Jan Vineyard is president of the West Virginia Trucking Association.

Every day, trucks are on our nation's highways bringing all the things that Americans need. The trucking industry quietly backs up to grocery stores, hospitals and schools for deliveries without too many people giving it much thought. During National Transportation Week 2013 (May 12-18), I encourage everyone to take a closer look at trucking, and transportation, to understand how they get all of life's essentials.

There are nearly 3.1 million truck drivers in the United States, with the industry employing 6.8 million workers or one out of every 19 people in the country. But the impact of trucking reaches far beyond simple employment figures.

At this very moment, coast to coast, trucks are on the road hauling life's essentials — everything the nation needs such as food, books, clothing, electronics, automobiles and medical supplies. More than 80 percent of U.S. communities depend solely on trucking for delivery of their goods and commodities.

And as trucking continues to lead the nation in freight delivery, the industry is expected to move an even greater share of freight in the future. Did you know that in 2011 the trucking industry hauled 9.2 billion tons of freight, or 67 percent of the nation's freight bill?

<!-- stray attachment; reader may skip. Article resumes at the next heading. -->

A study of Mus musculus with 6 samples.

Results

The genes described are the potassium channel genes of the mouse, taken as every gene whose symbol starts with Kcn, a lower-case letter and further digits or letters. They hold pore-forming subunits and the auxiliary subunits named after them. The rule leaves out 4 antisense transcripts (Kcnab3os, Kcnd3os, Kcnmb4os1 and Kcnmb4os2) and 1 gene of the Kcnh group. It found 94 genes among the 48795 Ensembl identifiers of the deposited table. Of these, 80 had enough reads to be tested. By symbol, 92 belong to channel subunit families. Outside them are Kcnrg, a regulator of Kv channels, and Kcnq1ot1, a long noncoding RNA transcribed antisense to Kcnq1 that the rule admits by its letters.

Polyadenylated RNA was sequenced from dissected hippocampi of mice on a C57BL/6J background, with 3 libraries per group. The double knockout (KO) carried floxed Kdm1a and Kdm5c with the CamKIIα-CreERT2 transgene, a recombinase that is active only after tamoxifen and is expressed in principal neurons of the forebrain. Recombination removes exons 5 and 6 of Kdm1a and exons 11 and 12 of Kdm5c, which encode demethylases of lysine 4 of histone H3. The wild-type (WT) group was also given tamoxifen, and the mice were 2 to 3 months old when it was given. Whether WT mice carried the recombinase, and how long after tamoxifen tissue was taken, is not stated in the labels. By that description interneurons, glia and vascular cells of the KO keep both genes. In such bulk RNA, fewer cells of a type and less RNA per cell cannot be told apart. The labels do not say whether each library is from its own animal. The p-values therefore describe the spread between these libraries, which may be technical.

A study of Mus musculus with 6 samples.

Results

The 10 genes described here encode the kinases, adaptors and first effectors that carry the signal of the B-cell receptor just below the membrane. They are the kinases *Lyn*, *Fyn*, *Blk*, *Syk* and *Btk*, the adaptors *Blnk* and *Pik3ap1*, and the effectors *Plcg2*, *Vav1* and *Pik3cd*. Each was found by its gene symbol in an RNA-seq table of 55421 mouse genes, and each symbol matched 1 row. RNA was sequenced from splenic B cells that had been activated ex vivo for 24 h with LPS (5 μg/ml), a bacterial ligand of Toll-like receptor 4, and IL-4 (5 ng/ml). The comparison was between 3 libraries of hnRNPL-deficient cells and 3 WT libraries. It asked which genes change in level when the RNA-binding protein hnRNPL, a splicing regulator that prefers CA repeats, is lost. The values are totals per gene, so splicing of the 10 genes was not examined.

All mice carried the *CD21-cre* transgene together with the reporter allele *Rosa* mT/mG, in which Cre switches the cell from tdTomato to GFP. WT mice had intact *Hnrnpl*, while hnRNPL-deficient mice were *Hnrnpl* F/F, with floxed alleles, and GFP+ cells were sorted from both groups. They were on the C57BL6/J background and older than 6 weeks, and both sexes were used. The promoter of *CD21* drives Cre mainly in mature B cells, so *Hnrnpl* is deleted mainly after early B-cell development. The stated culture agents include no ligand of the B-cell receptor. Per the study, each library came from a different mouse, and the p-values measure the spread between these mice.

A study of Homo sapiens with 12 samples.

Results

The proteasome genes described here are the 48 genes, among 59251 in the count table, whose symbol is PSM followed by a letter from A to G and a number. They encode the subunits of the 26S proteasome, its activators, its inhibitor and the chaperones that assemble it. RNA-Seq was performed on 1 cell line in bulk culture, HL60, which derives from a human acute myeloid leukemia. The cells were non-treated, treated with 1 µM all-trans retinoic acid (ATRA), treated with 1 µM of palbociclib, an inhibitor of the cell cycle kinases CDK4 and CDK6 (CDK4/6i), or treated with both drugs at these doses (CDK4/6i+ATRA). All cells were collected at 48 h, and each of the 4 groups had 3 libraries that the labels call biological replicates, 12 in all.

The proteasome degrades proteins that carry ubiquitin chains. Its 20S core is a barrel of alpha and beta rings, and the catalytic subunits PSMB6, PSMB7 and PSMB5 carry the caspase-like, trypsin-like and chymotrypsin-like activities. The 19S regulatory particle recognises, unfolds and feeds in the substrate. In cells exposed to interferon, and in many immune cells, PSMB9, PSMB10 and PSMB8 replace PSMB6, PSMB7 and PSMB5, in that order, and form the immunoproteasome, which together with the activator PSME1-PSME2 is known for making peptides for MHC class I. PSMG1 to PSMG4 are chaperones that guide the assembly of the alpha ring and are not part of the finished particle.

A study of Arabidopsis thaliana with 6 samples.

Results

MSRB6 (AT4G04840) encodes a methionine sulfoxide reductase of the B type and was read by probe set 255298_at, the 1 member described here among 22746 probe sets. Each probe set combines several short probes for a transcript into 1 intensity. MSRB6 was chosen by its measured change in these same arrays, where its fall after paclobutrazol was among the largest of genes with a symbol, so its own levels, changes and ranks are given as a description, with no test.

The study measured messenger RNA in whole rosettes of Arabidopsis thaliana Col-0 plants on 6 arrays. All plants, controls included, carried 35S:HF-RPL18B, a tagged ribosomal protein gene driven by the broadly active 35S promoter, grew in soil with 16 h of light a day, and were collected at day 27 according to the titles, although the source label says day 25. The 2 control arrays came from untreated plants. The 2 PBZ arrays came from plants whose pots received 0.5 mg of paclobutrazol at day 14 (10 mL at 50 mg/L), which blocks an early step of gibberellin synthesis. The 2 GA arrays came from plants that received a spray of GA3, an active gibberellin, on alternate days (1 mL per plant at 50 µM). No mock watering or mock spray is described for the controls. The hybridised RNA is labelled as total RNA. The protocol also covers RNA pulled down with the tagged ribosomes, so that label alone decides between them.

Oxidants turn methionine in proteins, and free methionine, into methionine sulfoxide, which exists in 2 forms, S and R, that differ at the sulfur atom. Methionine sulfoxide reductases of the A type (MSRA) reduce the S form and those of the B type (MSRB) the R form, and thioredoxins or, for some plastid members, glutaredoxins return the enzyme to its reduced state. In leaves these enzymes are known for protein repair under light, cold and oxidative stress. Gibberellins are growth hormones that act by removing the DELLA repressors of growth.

The trucking industry is also the safest it has ever been. Because of the dedication to safety of the men and women of the industry, trucking continues to see a decrease in the number of injuries and fatalities involving large trucks. The professional truck drivers follow stringent safety regulations, attend frequent training programs and work to educate the motoring public on how to safely drive around tractor-trailers. Safety does not just happen; it is a commitment to a way of life. 

The trucking industry is invariably linked to West Virginia. Trucking is a vital part of our state economy, carrying millions of dollars worth of cargo every day and servicing every segment of the population. Many of our communities are served exclusively by trucks, and couldn't exist without the trucking industry.

So during National Transportation Week 2013, remember that without the men and women of the trucking industry, you may not have that food on the grocery store shelf, much needed medicine at your pharmacy or even the clothes on your back.